Why nurses ask good questions – and how you can too

At 4am on Monday morning I woke in severe pain – feeling like someone had hooked high powered jumper leads to my inner left thigh – not pretty!

By daylight there was more trouble – a bright, red, burning rash spreading across my lower calf.

Neither of these improved much during the day and I was fortunate enough to be surrounded by a team of smart advisors (my wife, niece and sister-in-law) who all declared I should head to hospital.

Not the place anyone wants to be a long weekend – but much better than the alternative!

The power of clear questions

Upon arrival at the emergency department of the hospital, we were instantly reassured by the warmth, professionalism and friendliness of the nurse at the triage station.

Even though he had lots of questions to ask, they were clear and we knew he had to try and get a clear picture of what was going on.

Once I was admitted, another nurse visited.

At first, I thought it strange that he was asking similar questions to the triage nurse.

Have you been hospitalised in the last 12 months? No.

Have you had any kind of operation in the last five years? No.

I was impressed though with his clarifying question…Clarifying questions

…What about operations for removal of wisdom teeth? Oh, now that you mention it…

By asking a more specific and focused question, he was able to trigger my memory and attain what was potentially valuable information.

He wasn’t pushing the issue, simply using an example of a recent experience to double-check on the situation.

What are the lessons here for you?

When working with team members or clients to help them to focus on an area of future change, have a few clarifying questions that can elicit  further information that they may have forgotten or been dismissive of.

These can sometimes act as small clues or missing pieces in the jigsaw that could help improve their performance or achieve a better result.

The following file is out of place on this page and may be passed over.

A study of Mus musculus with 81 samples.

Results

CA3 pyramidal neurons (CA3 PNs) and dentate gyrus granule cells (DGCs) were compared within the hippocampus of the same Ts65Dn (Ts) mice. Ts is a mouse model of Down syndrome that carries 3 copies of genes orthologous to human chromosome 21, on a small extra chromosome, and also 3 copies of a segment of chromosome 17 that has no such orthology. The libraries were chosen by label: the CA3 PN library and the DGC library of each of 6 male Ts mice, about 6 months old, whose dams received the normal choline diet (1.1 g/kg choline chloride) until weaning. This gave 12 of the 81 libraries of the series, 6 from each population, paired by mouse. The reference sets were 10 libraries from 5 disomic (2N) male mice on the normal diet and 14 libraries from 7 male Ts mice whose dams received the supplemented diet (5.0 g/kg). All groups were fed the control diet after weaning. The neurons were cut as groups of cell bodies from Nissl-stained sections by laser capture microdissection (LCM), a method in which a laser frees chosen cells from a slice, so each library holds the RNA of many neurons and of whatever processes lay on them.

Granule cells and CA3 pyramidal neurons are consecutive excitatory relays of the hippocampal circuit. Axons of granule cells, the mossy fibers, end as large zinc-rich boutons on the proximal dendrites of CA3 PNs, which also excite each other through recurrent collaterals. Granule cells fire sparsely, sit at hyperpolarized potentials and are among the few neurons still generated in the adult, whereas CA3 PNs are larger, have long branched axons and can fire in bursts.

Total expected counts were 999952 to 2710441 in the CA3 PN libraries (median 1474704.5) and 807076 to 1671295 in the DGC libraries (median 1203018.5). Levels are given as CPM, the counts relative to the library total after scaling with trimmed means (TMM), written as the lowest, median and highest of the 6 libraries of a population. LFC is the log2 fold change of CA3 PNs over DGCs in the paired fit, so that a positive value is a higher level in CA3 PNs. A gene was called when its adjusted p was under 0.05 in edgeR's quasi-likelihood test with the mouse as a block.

How can you learn to ask better questions?

If you’ve ever had a great coach in your life, you’ll most likely have had one who knows how to ask good questions. Sometimes these are questions that challenge you or push you to perform better.

Really good coaches ask questions that help you draw upon your past experience in order to shape your future.

And you’ll have the opportunity to learn how to do this using the Solutions Focus Coaching Model.

I’ve teamed up with Janine Waldman from the UK, to run ‘Get Coaching with a Solutions Focus’ workshops in Perth and Melbourne in November.

And if you’re lucky enough to be in Melbourne, you’ll tap into the experience of Janine’s business partner and fellow international Solutions Focus expert, Paul Z Jackson.

The good news is that there are still places available.

So get moving, get registered and get ready for some 500% fantastic training that will change the way you work.

PS – the hospital visit ended well, with everything back under control and me on my way home today 🙂

Andrew Huffer

Andrew Huffer has over 25 years experience in working with organisations, businesses, managers and communities and at a state, national and international level. He designs and delivers specialist engagement processes, with a focus on facilitating open decision making processes and skill development of clients. He has delivered presentations and workshops at a number of state, national and international conferences.

Reader Interactions


  1. John Denton says

    Questions are the answer! But they need to be the right questions. Great blog Andrew!
    Sometimes when I’ve sought help from a mentor / coach it has taken me a few go’s to ask the right question. The first time this happened to me I was quite taken aback to get a response of “You’re not asking the right question!” Then I changed the question and again got the same response. After a few more go’s I was told “That’s it! That’s the right question”. Then I realised that not only is it critical for a coach to ask his client the right questions, but when we need help it is equally important to get the question right. BIG TOPIC – thanks for raising it Andrew.
    BTW – was a result of having your wisdom tooth (teeth) out?